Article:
Debate surrounding elected members potentially taking pay cuts amid the fallout of Covid-19 has prompted plenty of support in Tauranga and the Western Bay of Plenty.
While the New Zealand Remuneration Authority dictates all elected members must receive 100 per cent of their allocated salary, although they can donate part of this, the Government was now considering a law change to this.
The Bay of Plenty Times spoke to 10 elected Tauranga City councillors. Of those, nine were willing to take a pay cut or make a donation either back into council coffers or to a charity. One was undecided, waiting on further information or preferring to keep their contribution private.
Of 13 Western Bay of Plenty District councillors spoken to, three were willing to take a pay cut or make a donation and 10 were undecided, waiting on further information or preferring to keep their contribution private.
Of the 11 Bay of Plenty Regional councillors who could be reached, four would take a pay cut or make a donation and seven were undecided.
Many were eager to point out that like the rest of society, the circumstances and salaries of elected members among the different councils varied. It might not be fair to have a "one-size-fits-all" mandatory pay cut for all.
At Tauranga City Council remuneration funds come from a pool of more than $1.1 million while Western Bay of Plenty District Council's members are paid from a pool of $479,232.
Western Bay mayor Garry Webber said the salaries paid to councillors was $40,022 a year and "they earn every last cent".
"Furthermore, I am confident that councillors donate generously to those organisations they want to and far be it for council to direct them who to donate to."
Webber said there were no plans for now for executive team pay cuts and they were "working extremely hard under incredibly difficult circumstances".
Western Bay councillor Margaret Murray-Benge said elected members doing their part was something she felt strongly about and elected members earning more than $100,000 should have several reductions for at least six months.
"I was on $32,000. That has gone to $40,000, but I would be happy to go back to $32,000 and would expect other councillors to do the same. We all have to pull our weight in this regard."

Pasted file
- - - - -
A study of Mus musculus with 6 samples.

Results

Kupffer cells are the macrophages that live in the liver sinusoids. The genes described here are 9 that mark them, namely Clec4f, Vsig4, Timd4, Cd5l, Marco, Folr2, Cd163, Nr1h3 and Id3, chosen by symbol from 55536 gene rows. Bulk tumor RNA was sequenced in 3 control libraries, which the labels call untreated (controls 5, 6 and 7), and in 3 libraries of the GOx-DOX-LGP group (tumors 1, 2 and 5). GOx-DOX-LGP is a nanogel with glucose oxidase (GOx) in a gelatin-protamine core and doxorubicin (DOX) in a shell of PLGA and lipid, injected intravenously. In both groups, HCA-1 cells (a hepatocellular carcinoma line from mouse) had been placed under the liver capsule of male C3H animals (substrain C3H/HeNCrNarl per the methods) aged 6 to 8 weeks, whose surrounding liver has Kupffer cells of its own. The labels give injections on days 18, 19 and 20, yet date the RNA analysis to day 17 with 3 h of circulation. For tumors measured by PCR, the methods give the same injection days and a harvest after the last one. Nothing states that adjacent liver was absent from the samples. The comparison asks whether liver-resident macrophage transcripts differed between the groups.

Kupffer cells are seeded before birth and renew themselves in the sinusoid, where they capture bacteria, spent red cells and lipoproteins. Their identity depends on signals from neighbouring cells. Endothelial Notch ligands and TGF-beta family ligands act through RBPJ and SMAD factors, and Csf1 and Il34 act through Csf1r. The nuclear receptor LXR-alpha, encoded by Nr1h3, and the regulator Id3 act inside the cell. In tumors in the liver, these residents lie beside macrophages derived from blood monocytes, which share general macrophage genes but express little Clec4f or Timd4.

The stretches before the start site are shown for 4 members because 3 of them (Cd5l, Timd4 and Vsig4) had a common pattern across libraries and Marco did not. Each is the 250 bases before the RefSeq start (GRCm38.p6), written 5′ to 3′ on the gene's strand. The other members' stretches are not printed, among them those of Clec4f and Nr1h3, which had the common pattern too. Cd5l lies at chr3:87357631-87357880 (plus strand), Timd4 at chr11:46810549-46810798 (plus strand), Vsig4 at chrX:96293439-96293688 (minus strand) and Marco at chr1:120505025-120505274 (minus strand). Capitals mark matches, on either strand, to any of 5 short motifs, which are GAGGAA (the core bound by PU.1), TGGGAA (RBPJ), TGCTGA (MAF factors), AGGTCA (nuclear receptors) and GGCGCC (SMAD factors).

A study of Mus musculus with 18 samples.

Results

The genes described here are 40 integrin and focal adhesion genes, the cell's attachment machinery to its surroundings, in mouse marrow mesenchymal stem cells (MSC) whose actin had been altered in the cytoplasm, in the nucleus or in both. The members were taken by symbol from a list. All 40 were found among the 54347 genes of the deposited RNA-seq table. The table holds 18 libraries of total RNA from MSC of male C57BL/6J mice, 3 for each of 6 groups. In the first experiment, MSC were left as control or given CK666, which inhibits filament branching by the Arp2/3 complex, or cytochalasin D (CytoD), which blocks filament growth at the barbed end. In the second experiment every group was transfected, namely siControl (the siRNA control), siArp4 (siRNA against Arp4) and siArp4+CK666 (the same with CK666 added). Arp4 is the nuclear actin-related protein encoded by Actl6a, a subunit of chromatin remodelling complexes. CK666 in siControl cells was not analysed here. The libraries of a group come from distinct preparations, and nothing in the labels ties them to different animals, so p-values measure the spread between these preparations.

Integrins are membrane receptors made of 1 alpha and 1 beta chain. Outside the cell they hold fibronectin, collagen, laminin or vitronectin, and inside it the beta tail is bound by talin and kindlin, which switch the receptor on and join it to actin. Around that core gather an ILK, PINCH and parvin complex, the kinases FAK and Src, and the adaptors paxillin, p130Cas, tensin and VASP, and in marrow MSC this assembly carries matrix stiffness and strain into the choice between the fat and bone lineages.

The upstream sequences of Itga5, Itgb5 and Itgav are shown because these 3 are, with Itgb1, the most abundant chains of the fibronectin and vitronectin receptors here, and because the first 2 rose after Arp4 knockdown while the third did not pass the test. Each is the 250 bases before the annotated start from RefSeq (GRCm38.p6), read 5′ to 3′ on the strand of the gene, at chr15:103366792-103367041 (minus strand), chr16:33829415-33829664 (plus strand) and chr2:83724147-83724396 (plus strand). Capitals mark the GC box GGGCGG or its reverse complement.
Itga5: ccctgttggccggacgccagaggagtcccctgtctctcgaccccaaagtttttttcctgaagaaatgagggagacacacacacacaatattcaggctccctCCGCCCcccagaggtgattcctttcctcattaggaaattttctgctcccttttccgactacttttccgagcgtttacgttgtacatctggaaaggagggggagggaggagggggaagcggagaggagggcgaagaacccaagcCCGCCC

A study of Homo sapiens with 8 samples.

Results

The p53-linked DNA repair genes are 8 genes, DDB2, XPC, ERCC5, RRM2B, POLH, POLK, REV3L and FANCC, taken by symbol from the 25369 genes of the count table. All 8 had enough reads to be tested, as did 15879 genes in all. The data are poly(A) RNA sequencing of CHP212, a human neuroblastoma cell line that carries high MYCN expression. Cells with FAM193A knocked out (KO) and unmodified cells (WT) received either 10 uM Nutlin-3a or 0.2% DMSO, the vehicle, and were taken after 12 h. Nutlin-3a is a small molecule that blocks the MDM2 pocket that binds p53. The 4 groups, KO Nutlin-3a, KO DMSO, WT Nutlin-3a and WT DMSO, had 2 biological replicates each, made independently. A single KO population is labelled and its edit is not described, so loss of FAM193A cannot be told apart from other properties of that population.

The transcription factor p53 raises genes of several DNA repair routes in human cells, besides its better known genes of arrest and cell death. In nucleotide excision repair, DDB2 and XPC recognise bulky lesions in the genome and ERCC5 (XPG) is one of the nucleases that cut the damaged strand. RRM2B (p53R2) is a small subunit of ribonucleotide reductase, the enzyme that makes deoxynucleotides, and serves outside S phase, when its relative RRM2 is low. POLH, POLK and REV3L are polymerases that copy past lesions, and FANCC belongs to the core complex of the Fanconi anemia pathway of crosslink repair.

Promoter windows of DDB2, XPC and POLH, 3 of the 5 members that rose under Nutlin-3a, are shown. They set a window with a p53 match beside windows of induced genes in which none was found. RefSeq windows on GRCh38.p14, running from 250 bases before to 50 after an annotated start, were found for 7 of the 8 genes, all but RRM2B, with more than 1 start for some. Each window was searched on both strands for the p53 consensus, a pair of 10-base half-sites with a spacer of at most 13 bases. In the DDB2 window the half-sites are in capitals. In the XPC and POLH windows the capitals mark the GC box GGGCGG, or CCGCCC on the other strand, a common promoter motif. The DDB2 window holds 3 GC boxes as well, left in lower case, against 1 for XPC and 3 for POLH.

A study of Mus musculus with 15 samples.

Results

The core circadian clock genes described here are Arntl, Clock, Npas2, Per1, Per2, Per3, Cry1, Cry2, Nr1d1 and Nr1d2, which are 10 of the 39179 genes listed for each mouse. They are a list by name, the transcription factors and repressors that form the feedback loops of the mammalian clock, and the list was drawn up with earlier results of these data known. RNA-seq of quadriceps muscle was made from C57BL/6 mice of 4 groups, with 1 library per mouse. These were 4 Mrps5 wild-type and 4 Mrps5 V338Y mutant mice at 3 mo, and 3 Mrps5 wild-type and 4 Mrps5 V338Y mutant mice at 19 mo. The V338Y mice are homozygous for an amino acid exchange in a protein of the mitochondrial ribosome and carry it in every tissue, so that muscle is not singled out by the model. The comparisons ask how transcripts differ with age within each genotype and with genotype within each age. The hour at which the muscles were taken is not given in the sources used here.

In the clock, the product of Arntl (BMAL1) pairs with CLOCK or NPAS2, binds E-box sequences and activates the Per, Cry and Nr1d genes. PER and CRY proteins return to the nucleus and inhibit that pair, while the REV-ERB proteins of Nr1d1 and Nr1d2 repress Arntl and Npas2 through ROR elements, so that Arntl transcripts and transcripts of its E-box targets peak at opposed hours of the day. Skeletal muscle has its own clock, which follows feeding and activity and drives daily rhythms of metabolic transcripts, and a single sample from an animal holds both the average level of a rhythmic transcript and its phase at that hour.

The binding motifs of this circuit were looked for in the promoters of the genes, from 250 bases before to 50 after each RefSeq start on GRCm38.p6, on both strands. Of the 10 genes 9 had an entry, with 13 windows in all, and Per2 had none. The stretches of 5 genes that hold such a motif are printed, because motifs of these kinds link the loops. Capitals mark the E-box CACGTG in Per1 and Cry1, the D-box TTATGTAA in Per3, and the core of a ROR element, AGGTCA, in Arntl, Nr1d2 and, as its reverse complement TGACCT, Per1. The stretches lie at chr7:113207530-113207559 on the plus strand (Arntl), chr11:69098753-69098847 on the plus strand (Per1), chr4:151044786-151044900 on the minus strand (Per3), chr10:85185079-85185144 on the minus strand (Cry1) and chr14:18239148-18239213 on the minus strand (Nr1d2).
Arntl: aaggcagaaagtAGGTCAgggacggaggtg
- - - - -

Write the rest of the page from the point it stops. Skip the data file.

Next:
In Tauranga, councillor Andrew Hollis said any legislation forcing elected members to take a pay cut would be "wrong".
"I think every single elected member has the opportunity to donate whatever amount of their salary to whatever charity or back into council coffers if they choose to. We don't really need a law change to allow us to do what we want with our salaries or decide if we want to show solidarity with our communities.
"For example, Western Bay councillors don't earn very much so to ask them to legislatively drop 20 per cent of their income is offensive."
Tauranga mayor Tenby Powell has already canvassed elected members and the responses "have all been positive".
"I do intend to follow the Government's 20 per cent pay cut and am getting advice from Local Government New Zealand as to how that can occur under legislation."
Powell would leave each councillor to make their own decision.
Tauranga council chief executive Marty Grenfell said he would not require or request "any diminution of current remuneration from the executive team".
Bay of Plenty Regional councillor and vice-president of Local Government New Zealand Stuart Crosby said as a councillor, he intended to donate a portion of his salary to a charity "close to my heart".
"We're anticipating the Government to consider a change to remuneration law to allow councillor salaries to be voluntarily reduced. We expect some notice of that next week which will be helpful in this conversation up and down New Zealand.
"The other issue is elected members aren't like cabinet ministers or the Prime Minister in terms of salary range. My personal view is that it is their choice if they wish to make a donation to charity and if the Government does change the law to allow salaries to be reduced, that's their choice as well."
Chief executive Fiona McTavish said she was "incredibly proud" of her team for their show of leadership and solidarity in opting to donate 10 per cent of their salaries for a six-month period.
"We're exploring the Acorn Foundation as a vehicle to ensure the benefit of our donations is maximised and directed to those in our regional communities who have been most impacted by the current situation. The Acorn Foundation has established a Covid-19 rapid response fund that can deliver region-wide support."
The senior leadership team has also offered to forego any pay increase in the next financial year.
The regional council is also awaiting a remuneration authority determination on any changes to elected member salaries which it will consider at a future meeting.
By comparison, Rotorua Lakes Council chief executive Geoff Williams described the suggestion of pay cuts for its executive team as "immoral".
On Thursday, he affirmed he did not want to see salary reductions for the council's executive team in light of the Covid-19 crisis.
"I fundamentally do not support a call to cut pays for the executive team.
"I am very fortunate to have around me an extremely committed, dedicated and hardworking executive team who are now working even harder as a result of the current situation," he said.